This book definitely borders on erotica - which I am not about to complain about! I liked the premise of the story, but I felt like the author was doing it serious disservice by focusing on the sex when the plot itself promises so much interest.
I will eagerly read the follow-up stories, but I do hope the author fills them in a little better with plot to go WITH the hot sex.
Leaving the Comfort Cafe is a truly good story - funny at times, touching at others. You find yourself aching for them, wishing you could sit them down and talk to them, help the see their way. The story mimics Austin's imaginings of hero's and villains brought to real life, working through real circumstances.
THE GOOD: The story is warm, sometimes aching. The characters are not perfect - they are awkward, obnoxious, confused - woven together into a somewhat surreal world that works very well with Austin's comics.
THE BAD - It took me a bit to get into the book because the first few chapters ramble a bit, sometimes not really bringing a coherent picture of what is going on. Further into the novel, the writing does become solid with good flow. There are a lot of typing mistakes that a good proof-read (or spell check) should have caught that can be distracting, simply because they are numerous and sometimes require pulling out of the story to figure out the intended word.
Overall, I would definitely recommend the book to friends as the story is really good.
I would recommend to the author to have an editor proof-read the piece to help clean up both the technical mistakes and the early ramble that almost had me moving on to another book before I got caught in the story.
I thoroughly enjoyed Malakh and read it through in a single afternoon. Unlike others, I didn't really "feel" the adventure and mystery of the story. For me, it was more a tale of love lost, regret and emotional survival. Like the world fell away when Russ took Suzanne through his own realm, so the murder mystery fell away as Suzanne's story played out. In the end, I wished Suzanne would remember her journey from the depths of pain and loss through to moving on and living again.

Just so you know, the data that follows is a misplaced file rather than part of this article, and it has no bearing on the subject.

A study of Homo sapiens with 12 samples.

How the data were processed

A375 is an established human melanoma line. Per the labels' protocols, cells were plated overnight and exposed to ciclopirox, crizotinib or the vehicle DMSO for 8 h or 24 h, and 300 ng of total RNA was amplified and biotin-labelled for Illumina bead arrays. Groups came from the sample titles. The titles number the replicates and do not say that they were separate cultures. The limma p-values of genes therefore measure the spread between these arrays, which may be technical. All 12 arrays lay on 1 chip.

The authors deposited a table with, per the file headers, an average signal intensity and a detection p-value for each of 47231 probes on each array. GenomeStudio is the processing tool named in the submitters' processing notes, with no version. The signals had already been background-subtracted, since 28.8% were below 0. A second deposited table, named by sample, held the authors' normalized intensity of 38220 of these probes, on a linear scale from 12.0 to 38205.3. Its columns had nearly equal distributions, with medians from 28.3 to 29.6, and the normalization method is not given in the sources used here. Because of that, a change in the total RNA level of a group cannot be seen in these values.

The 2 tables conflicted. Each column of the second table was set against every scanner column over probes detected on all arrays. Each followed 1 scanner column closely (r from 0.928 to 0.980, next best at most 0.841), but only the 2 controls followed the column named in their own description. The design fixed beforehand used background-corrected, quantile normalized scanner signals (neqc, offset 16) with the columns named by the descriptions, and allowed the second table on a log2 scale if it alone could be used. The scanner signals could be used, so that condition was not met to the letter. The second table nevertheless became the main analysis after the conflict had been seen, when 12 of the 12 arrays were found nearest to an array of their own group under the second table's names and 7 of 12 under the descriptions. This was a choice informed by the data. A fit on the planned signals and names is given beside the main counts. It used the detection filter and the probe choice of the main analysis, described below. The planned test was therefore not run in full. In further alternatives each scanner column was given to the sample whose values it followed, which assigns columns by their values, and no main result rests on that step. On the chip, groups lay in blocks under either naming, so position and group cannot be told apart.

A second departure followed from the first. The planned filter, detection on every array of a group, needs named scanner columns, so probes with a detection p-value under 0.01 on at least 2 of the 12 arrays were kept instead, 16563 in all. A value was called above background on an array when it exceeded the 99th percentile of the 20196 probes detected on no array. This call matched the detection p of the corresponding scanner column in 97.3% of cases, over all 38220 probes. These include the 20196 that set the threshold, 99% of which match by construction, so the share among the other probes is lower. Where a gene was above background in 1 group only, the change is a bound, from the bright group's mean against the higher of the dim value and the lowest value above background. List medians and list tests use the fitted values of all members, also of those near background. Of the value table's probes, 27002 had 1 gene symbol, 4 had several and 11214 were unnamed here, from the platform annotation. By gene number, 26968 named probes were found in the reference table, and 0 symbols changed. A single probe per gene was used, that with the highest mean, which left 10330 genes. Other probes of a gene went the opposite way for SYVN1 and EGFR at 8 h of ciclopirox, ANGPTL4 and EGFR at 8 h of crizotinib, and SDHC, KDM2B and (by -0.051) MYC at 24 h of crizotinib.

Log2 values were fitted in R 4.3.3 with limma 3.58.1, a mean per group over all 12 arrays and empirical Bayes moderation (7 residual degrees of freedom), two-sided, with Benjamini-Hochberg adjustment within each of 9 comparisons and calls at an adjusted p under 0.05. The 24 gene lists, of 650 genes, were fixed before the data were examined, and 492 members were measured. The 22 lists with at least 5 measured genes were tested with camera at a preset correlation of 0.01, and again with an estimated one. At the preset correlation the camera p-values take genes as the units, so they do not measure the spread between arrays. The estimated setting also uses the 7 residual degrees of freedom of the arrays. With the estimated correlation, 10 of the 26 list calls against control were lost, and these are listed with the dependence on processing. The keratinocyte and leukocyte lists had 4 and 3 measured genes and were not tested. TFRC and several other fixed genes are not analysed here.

In Leah's Wake was an excellent story, and far more realistic than some might believe. Having been a teenager spiralling out of control myself, and now a parent of my own teenager, I was able to relate to characters on both sides of the story. Nobody seems to ever understand how a "good kid" from a "good family" can have the kind of feelings that lead to self-destruct - the author really captures the complexity behind it all.
My only issues with the book had to do with editing and writing style. I actually had a hard time getting into the book a bit due to periods of conversation that happened outside of quotation marks. Early in the book it was extremely distracting, as I would end up having to re-read a paragraph for context and orientation. If it weren't for this, I would give a 5 star rating!